Echo City (book, Tim Lebbon, 2011)


Author: Tim Lebbon

Publisher: Orbit

Going underground

This is a frustrating book. Lebbon’s an author of dark fantasy with a serious fanbase, and you can see why here. Set in the last city (might be on Earth, might not be), Echo City manages a high level of invention. The eponymous city is baroque creation, enthralled to its own past, the city being built not on, but over the buildings of yesteryear. Ghostly cities of successively great age – the Echoes – are entombed beneath its bustling streets.

Echoes are what you get, with Lebbon playing with the idea of mutability in flesh (this world’s tech of “chopping” is bio-based), stone, identity and reality.

Top marks for world-building, but what he does with this excellent creation is less impressive. Lebbon takes so many trips into our character’s psyches that it robs readers of a sense of interaction. We’re being lectured to by Lebbon, not invited to join in.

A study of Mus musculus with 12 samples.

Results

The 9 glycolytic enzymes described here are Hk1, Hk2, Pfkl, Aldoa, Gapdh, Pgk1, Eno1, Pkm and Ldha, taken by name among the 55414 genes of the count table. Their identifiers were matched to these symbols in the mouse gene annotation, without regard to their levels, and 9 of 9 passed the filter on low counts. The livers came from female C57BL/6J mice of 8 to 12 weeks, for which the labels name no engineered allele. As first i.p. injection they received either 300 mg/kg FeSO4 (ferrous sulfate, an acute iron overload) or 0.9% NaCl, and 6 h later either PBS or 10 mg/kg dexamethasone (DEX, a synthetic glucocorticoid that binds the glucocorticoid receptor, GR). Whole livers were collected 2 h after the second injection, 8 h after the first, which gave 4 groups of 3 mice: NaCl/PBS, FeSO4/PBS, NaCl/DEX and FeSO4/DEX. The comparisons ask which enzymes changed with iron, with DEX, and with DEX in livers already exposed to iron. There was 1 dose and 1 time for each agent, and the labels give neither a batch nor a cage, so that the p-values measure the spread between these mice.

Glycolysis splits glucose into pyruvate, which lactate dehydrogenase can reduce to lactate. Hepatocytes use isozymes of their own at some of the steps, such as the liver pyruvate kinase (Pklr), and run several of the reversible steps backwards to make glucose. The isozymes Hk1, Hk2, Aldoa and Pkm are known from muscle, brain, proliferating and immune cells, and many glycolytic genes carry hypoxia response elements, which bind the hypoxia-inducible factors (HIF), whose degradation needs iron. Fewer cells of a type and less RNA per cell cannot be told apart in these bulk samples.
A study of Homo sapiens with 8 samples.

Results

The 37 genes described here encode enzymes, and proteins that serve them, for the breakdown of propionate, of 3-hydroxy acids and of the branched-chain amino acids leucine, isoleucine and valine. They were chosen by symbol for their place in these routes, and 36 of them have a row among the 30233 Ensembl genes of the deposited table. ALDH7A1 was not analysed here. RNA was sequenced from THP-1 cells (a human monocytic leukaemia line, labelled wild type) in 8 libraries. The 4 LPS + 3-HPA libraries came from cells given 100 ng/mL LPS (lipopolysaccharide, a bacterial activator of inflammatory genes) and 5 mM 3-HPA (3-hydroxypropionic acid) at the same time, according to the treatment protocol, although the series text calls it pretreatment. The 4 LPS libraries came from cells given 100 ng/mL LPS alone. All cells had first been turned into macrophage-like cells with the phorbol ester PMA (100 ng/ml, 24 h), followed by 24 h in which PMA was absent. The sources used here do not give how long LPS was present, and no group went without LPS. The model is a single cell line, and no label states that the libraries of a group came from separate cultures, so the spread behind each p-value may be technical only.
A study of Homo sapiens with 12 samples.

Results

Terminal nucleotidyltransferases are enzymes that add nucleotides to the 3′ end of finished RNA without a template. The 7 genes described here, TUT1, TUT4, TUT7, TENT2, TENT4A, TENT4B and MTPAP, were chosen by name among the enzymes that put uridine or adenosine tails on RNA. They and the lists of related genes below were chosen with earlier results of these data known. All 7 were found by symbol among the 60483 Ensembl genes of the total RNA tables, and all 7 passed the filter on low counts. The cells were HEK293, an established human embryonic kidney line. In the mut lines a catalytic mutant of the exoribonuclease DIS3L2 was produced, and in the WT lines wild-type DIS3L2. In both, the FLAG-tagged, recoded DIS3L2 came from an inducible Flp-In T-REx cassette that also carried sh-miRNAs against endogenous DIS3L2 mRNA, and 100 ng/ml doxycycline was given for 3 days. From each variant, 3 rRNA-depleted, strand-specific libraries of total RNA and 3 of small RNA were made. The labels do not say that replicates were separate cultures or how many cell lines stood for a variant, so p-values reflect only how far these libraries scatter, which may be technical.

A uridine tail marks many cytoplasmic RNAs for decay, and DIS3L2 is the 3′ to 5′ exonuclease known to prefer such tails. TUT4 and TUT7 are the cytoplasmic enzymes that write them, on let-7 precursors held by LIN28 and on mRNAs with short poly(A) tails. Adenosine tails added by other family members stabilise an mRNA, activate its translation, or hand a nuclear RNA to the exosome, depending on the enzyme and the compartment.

A lot happens in Echo City – it’s the end of the world – but because of the mode of delivery, it feels leadenly empty of incident, and reading becomes tiresome as different parts of your brain war over whether the need to find out what happens next or the desire to rip out a page with yet more tedious dialogue upon it and eat it is more important.

There is loads of room for pleasing speculation on the nature of the mysterious city itself, but there’s not enough of that crucial engagement with characters to make this all that it could be. For a more engaging fantasy with underground themes, check out Chris Wooding’s The Fade.